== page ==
TPA – More NHS Dishonesty

One fact that taxes the band of dubiously talented non-job holders at the so-called Taxpayers’ Alliance (TPA) severely is that the NHS continues to exist, some 65 years after its inception via the efforts of Aneurin Bevan, and in the teeth of Tory opposition. So today brings the headline “We pay £1,900 a year for the NHS: we deserve better than this”.
More bore from the second floor

Non-job holder Chris Manby asserts that “The NHS costs every taxpayer an average of £1,900 every year” (no citation), and clearly wants readers to believe that hospitals in special measures are typical of the whole (they aren’t). Then there is routine dishonesty, such as: “In recent months the NHS has come under fire in the Keogh Review, which revealed that potentially 13,000 patients may have died unnecessarily across 14 trusts”.

Had Manby bothered to read the report by Bruce Keogh, he would know that no such figure – or, indeed, any figure for patient deaths – was given. These numbers were effectively invented by papers like the Maily Telegraph which had invested its efforts trying to make the report sound bad, even before publication.

So what’s his beef? “You really do have to wonder at the audacity of a system that encourages managers to cover up failures rather than improve patient care”. Ah, a mere “system” has audacity, and encourages cover-ups? Wrong. A very small number of people working in that system are responsible for what happened at Colchester – one part of just one hospital.

Depending on the measure, the NHS is the world’s fifth biggest employer”. I’m sorry, but this is relevant how, exactly? Well, this is his excuse: “But a significant number of staff are employed on duties other than patient care”. Yes Chris, and if there were not managers, cleaners, technicians, IT support staff, and receptionists, the whole thing would quickly grind to a halt.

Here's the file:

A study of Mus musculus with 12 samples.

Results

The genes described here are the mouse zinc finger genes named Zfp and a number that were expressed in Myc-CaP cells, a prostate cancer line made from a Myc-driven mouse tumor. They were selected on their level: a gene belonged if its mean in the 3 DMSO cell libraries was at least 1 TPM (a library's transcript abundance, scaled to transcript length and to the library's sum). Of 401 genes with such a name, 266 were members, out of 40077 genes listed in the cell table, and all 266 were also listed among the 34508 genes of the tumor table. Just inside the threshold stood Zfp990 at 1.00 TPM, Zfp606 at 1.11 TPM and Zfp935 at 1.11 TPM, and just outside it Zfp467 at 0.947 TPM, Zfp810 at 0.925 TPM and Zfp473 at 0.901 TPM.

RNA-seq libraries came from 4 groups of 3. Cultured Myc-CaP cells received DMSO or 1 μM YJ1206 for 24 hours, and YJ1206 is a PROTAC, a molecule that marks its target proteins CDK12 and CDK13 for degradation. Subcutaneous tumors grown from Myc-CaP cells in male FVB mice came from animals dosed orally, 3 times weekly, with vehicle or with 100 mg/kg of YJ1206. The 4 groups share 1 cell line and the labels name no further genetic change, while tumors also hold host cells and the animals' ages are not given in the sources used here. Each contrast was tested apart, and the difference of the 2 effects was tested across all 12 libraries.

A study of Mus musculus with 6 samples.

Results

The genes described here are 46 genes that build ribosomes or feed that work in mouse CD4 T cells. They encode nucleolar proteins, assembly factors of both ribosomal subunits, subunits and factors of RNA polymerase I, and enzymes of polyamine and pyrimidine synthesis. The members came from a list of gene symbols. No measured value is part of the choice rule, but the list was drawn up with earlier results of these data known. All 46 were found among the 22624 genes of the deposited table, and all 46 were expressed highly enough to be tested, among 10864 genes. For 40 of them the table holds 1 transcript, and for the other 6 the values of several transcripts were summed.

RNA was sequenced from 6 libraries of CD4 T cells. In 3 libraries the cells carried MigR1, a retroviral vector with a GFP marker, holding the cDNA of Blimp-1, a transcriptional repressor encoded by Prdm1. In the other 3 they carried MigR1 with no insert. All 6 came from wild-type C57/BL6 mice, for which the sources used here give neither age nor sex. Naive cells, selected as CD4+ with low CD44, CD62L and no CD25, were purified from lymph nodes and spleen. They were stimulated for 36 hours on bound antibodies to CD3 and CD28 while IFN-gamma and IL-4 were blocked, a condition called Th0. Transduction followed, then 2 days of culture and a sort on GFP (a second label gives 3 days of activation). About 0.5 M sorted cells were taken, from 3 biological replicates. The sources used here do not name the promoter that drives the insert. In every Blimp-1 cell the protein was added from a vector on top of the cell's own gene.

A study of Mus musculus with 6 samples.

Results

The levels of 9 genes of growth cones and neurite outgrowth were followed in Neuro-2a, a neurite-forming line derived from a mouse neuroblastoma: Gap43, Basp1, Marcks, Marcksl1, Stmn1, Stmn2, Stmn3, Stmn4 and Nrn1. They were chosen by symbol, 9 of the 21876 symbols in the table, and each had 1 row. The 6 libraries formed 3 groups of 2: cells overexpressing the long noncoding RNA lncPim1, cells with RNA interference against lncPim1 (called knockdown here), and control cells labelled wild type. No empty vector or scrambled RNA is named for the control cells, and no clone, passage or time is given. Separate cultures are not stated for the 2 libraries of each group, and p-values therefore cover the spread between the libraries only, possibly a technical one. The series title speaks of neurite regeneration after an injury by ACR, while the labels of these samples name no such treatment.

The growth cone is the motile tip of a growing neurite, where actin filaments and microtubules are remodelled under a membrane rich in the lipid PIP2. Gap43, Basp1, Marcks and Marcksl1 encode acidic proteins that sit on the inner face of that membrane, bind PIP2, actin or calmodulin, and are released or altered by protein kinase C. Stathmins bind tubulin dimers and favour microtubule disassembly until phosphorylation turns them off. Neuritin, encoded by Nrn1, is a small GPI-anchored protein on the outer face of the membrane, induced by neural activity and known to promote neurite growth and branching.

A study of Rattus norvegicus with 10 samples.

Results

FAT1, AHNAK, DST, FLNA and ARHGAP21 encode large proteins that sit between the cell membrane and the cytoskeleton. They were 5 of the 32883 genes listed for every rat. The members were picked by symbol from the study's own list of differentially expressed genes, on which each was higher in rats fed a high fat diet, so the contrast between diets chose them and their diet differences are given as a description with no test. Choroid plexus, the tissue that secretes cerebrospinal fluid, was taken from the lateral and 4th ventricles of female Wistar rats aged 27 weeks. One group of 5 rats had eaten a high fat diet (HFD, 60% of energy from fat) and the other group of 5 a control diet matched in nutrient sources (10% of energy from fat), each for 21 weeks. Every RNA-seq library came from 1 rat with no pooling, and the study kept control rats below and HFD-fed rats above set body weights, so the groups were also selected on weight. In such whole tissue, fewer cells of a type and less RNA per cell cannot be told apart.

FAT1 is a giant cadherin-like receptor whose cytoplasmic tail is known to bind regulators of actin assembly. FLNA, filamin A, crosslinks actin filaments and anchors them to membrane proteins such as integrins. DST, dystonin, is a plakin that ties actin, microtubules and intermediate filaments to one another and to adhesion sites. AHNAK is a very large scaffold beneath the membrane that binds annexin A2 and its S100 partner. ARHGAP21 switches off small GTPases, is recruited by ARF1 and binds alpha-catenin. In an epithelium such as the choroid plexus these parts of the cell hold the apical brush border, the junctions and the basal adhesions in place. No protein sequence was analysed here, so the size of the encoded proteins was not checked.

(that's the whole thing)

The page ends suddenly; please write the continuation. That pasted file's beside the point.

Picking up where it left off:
Manby attempts to rally his cause by telling that the TPA produced a report two years ago critical of the NHS, but sadly for him, Zelo Street was then as now on the case, and can advise that all this achieved was to let slip that the NHS is getting closer to mainland European countries that spend more, by improving constantly over the past 25 years (the TPA excuses this by saying it won’t do in the future).

He concludes valiantly “We desperately need a healthcare system that offers us real value for money. As it stands, the NHS wastes too much money and is too centralised. Evidence shows that choice and competition drive up standards”. No citation is given in support of these assertions. In any case, we know what the TPA is selling – abolition of the NHS. And the public, in their wisdom, are not buying.

So that’s meaningless drivel backed up by no facts. No change there, then.